On June 7, 1913, Walter Harper became the first to set foot atop North America’s highest peak.
Alaska native Walter Harper and his new bride were on the SS Princess Sophia bound for Seattle as Harper (pictured below) was making his way to medical school in Philadelphia. The ship suddenly jerked backward. It had grounded itself on Vanderbilt Reef south of Skagway. The ship rested on the flat rock and the captain signaled he was in no immediate danger. Then suddenly a storm came up, hurling the ship, Harper and his bride, and 362 others to the bottom of the sea. All perished. It was October 25, 1918.
The event was a low moment in Alaska history. But before his short life ended tragically, Harper had participated in one of Alaska’s high points: the conquest of Denali.
At age 21, five years before his death, Harper had become the first man to stand on the continent’s highest peak on June 7, 1913.
According to the Tanana-Yukon Historical Society, Walter Harper was born in 1892, “the son of the legendary gold rush prospector and trader Arthur Harper and the Athabaskan Jennie Albert Harper. ... [Raised] according to his mother’s traditions, the young Harper developed a broad set of subsistence skills in his youth that, along with his pleasing disposition, led the Episcopal Archdeacon Hudson Stuck to select him as his trail assistant and interpreter. ... [Stuck] became Harper’s tutor, mentor, and surrogate father. Their dream was that Harper would become a missionary doctor and serve his mother’s people from St. Stephen’s Hospital at Fort Yukon.”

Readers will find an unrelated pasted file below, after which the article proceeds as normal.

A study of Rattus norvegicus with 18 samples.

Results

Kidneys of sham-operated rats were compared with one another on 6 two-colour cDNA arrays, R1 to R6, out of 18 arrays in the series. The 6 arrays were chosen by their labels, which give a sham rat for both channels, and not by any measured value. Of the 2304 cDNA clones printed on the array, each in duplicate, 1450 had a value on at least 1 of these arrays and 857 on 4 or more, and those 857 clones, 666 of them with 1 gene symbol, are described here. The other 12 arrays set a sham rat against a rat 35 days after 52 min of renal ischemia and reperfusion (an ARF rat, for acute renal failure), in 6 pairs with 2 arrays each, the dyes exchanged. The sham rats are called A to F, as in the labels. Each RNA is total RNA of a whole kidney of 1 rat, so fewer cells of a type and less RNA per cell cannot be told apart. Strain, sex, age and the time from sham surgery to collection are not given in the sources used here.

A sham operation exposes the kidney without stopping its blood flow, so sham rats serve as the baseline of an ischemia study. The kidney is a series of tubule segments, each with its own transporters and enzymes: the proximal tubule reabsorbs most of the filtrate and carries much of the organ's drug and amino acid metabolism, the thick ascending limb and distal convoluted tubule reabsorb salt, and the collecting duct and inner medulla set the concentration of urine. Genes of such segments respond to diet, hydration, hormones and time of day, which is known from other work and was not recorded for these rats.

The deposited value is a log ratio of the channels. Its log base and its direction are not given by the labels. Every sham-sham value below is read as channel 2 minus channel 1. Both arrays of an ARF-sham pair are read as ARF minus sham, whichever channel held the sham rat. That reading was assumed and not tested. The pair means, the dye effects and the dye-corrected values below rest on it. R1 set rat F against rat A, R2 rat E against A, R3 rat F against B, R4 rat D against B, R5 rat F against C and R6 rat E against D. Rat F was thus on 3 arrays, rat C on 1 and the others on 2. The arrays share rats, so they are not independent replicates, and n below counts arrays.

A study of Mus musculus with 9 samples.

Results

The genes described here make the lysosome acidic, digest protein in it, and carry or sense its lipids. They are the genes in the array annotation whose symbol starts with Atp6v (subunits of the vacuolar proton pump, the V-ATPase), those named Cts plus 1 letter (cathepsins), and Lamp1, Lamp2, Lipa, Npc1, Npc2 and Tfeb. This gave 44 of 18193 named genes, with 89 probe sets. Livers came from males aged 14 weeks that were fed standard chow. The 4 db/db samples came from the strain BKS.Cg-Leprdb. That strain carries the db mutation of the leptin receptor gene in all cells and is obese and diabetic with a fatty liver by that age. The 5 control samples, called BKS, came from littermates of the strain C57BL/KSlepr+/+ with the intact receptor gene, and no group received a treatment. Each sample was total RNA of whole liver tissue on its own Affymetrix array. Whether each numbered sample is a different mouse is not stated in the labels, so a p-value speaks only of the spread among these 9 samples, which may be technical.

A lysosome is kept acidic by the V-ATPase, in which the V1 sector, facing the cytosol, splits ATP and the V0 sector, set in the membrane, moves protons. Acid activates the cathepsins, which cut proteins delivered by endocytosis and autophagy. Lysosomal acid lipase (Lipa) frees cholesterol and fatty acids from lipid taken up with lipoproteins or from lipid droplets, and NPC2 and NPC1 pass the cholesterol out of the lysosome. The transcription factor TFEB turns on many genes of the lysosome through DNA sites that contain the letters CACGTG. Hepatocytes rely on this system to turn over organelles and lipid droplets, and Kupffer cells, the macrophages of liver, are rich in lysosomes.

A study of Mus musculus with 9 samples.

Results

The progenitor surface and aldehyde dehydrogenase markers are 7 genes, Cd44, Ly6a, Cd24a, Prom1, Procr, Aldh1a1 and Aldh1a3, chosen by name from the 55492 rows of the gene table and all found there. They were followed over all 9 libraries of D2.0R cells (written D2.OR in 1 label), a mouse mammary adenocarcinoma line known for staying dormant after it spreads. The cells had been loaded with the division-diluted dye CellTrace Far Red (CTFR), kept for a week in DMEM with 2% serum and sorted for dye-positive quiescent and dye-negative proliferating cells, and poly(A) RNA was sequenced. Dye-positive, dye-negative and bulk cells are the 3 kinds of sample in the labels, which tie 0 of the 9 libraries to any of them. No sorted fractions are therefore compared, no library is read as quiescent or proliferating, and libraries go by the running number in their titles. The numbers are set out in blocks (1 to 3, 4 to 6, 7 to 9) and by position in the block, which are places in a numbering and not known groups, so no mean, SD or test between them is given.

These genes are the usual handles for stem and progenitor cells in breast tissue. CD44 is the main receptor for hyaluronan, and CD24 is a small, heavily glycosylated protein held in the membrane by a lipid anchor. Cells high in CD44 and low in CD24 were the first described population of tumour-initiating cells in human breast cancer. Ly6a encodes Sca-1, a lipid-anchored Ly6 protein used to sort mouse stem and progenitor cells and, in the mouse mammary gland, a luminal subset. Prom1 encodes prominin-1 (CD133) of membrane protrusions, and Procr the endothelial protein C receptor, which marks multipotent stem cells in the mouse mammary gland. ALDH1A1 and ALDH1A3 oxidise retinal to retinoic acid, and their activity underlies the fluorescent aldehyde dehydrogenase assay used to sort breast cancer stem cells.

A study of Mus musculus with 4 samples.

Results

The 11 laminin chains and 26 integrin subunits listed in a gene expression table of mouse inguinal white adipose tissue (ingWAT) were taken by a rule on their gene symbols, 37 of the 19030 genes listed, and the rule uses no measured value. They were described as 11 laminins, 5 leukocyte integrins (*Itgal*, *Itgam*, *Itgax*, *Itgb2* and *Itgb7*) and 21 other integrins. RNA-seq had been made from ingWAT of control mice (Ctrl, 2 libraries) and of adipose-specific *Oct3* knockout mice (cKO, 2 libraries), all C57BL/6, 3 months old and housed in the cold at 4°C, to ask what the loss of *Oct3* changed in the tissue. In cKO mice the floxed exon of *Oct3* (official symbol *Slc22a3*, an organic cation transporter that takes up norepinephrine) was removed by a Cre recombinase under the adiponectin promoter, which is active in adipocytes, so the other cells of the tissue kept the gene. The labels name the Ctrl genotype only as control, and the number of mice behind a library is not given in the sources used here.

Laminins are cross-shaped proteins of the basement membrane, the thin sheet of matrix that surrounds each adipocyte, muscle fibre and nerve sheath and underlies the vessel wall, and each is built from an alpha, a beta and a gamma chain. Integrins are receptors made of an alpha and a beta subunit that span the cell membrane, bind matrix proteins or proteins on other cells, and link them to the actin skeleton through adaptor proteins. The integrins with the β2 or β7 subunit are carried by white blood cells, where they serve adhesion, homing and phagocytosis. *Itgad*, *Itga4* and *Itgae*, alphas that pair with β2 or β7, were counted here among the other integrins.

Stuck also dreamed of summiting the peak then better known as Mount McKinley. A British-born reformer and mountaineer, he hoped that the climb would bring attention to the rights of Alaska Natives. And so the team of climb organizer Stuck, climb leader (and future first superintendent of Denali National Park) Harry P. Karstens (pictured left with Stuck), the young mountain climber and Episcopal priest Robert Tatum, and Harper set out to do what had never successfully been done: conquering the 20,310-foot summit.
They crossed country by dog team then began their ascent via the South Summit. Harper helped the now-frail missionary up the mountain’s icefields. At long last, when they finally approached the top of the peak, Harper stepped ahead of the party, standing on the summit first, then helping Stuck up onto the rocky outcropping.
Read a brief account of the climb here.